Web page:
Volume 1: GeologyPDF


application/pdffox2.pdf (3MB)
Volume 2: Water ResourcesPDF


application/pdffox3.pdf (11MB)
Volume 3: Living ResourcesPDF


application/pdffox4.pdf (181MB)
Volume 4: Socio-Economic Profile; Environmental Quality; Archaeological ResourcesPDF


application/pdffox5.pdf (17MB)
Volume 5: Early Accounts of the Ecology of the Fox River AreaPDF


Title:Fox River area assessment
Author(s):Illinois Department of Natural Resources. Office of Scientific Research and Analysis
Contributor(s):Illinois Department of Natural Resources, State Geological Survey Division
Subject(s):Natural resources surveys --Illinois
Natural resources conservation areas --Illinois
Natural resources surveys --Fox River Watershed (Wis. and Ill.)
Fox River Watershed (Wis. and Ill.)
Sustainable development --Fox River Watershed (Ill. and Wis.)
Ecosystem management --Fox River Watershed (Ill. and Wis.)
Geographic Coverage:Illinois
Abstract:The Fox River assessment covers an area ofapproximately 1,720 mile (1,092,874 acres)· spanning eleven counties in north-eastern Illinois, including parts ofLake, McHenry, Kane, Cook, Kendall, DeKalb, and LaSalle counties, and small parts ofLee, DuPage, Will, and Grundy counties. The boundaries ofthe assessment area coincide with the boundaries ofthe Illinois portion ofthe Fox River Basin. This area encompasses 22 subbasins ofthe Fox River watershed (identified by the Illinois Environmental Protection Board), from the Illinois-Wisconsin border to the confluence ofthe Fox and Illinois Rivers at Ottawa, Illinois. This is a distance of 115 miles along the river. The northernmost eight subbasins, totaling 285,844 acres, have been designated as a "Resource Rich Area" because they contain significant natural community diversity. The Fox River Ecosystem Partnership was subsequently formed around this core area ofhigh quality ecological resources. This assessment is comprised offive volumes. In Volume 1, Geology discusses the geology, soils, and minerals in the assessment area. Volume 2, Water Resources, discusses the surface and groundwater resources and Volume 3, Living Resources, describes the natural vegetation communities and the fauna ofthe region. Volume 4 contains three parts: Part I, Socio-Economic Profile, discusses the demographics, infrastructure, and economy ofthe area, focusing on the six counties with the greatest amount of land in the area --DeKalb, Kane, Kendall, Lake, LaSalle, and McHenry counties; Part II, Environmental Quality, discusses air and water quality, and hazardous and toxic waste generation and management in the area; and Part III, Archaeological Resources, identifies and assesses the archaeological sites, ranging from the Paleo-Indian (B.C. 10,000) to the Postwar Industrial (A.D. 1946), known in the assessment watershed. Volume 5, EarlyAccounts oftheEcology ofthe FoxRiverArea, describes the ecology of the area as recorded by historical writings ofexplorers, pioneers, early visitors and early historians.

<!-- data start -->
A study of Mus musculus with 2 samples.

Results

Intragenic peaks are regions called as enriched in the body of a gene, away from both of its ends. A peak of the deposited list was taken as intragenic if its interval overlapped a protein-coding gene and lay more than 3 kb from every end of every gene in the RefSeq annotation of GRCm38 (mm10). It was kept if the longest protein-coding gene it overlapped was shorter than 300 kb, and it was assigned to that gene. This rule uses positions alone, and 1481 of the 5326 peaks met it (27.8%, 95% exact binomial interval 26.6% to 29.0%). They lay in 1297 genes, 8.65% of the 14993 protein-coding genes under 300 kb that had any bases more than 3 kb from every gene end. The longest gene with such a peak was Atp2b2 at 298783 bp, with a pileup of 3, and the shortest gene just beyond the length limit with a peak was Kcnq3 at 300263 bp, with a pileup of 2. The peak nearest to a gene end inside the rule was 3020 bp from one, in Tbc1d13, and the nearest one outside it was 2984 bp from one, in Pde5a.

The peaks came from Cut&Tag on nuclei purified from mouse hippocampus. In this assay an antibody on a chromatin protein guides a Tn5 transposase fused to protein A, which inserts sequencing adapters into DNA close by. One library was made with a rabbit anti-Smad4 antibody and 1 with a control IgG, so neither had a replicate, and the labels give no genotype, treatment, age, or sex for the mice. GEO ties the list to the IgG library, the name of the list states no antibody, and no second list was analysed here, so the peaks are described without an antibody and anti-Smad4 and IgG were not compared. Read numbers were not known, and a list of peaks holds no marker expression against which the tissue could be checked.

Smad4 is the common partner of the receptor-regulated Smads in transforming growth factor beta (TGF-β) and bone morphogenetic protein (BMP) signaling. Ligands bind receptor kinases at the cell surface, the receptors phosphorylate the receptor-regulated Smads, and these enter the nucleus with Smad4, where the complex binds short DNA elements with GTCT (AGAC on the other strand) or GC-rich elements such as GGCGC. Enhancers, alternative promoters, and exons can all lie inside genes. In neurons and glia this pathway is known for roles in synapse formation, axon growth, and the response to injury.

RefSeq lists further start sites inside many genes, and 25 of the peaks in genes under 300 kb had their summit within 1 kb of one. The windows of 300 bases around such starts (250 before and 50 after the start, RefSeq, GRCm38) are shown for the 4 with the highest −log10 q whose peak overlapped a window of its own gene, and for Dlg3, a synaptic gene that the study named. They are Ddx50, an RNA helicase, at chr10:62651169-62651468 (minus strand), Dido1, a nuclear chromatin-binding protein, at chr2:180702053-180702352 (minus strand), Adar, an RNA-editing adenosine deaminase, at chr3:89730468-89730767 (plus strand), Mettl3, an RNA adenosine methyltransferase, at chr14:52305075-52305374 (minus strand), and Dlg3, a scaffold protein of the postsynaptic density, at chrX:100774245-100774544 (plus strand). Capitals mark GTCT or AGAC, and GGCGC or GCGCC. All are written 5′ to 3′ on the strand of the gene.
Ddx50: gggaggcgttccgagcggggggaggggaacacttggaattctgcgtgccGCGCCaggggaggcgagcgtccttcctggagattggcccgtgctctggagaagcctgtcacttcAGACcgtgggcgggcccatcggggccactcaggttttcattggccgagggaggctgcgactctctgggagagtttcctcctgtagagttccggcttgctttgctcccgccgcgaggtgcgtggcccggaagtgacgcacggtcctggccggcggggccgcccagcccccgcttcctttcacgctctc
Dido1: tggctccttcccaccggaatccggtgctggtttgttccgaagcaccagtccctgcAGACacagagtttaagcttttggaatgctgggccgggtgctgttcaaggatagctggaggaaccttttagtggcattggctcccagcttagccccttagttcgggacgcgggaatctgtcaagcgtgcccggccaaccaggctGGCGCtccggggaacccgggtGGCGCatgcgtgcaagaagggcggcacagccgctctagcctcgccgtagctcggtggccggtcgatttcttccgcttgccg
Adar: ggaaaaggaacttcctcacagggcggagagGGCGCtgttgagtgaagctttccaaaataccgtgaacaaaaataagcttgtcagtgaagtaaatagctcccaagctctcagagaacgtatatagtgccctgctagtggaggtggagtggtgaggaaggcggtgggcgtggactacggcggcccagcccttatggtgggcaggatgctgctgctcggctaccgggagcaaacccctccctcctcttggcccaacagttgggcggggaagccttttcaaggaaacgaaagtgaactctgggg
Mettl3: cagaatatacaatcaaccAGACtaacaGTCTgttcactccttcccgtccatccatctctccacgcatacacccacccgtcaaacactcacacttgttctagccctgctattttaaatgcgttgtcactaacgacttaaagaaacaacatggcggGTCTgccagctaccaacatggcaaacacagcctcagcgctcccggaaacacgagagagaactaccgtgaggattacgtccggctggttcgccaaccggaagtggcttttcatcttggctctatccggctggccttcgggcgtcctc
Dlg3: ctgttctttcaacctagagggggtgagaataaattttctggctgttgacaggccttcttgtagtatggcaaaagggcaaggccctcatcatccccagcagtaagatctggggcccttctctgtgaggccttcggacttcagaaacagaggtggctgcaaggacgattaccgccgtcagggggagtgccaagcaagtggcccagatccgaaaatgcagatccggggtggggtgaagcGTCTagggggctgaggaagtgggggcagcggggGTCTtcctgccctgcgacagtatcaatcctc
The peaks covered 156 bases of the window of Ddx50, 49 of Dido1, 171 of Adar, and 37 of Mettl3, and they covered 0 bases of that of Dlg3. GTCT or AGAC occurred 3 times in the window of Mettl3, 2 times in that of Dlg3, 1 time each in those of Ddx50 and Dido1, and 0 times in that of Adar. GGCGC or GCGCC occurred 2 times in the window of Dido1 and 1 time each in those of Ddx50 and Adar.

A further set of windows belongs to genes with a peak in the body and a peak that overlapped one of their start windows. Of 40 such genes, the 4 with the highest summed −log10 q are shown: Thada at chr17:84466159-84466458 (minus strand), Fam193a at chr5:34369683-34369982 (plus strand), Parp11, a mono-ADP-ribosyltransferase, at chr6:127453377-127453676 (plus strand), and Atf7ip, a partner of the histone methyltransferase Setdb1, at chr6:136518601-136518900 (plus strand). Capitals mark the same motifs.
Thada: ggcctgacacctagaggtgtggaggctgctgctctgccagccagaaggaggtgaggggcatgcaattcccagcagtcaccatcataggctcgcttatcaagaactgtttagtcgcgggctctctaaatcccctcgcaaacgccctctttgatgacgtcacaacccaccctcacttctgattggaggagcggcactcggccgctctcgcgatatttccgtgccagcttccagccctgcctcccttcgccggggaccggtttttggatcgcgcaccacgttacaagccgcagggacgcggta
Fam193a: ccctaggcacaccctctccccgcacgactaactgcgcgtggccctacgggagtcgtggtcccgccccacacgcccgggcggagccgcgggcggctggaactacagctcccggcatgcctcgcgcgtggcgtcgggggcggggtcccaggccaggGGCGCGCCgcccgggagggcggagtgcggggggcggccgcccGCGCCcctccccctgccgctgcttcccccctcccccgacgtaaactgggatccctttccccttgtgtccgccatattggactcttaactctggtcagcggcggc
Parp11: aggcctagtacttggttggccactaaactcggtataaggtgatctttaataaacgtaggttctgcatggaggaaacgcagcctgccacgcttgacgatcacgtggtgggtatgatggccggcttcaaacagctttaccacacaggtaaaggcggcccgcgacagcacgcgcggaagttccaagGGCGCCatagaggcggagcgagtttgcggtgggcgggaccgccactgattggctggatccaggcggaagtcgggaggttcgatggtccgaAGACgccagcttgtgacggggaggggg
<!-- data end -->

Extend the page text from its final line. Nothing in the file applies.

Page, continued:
Issue Date:1998
Publisher:Illinois Dept. of Natural Resources
Series/Report:Critical Trends Assessment Program
Genre:Report (Grant or Annual)
Publication Status:published or submitted for publication
Rights Information:These documents are a product of the Illinois state scientific surveys and the Illinois Department of Natural Resources, and has been selected and made available by the Institute of Natural Resource Sustainability, University of Illinois at Urbana-Champaign. They are intended solely for noncommercial research and educational use, and proper attribution is requested.
Date Available in IDEALS:2009-10-07
Identifier in Online Catalog:4034198
OCLC Identifier:(OCoLC)ocm38841802

This item appears in the following Collection(s)

  • Critical Trends Assessment Program Regional Watershed Assessments
    Detailed assessments of 32 major watersheds in Illinois, conducted through the Critical Trends Assessment Program administered by the Illinois Department of Natural Resources. Includes contributions from each of the State Scientific Surveys which are now part of the Prairie Research Institute.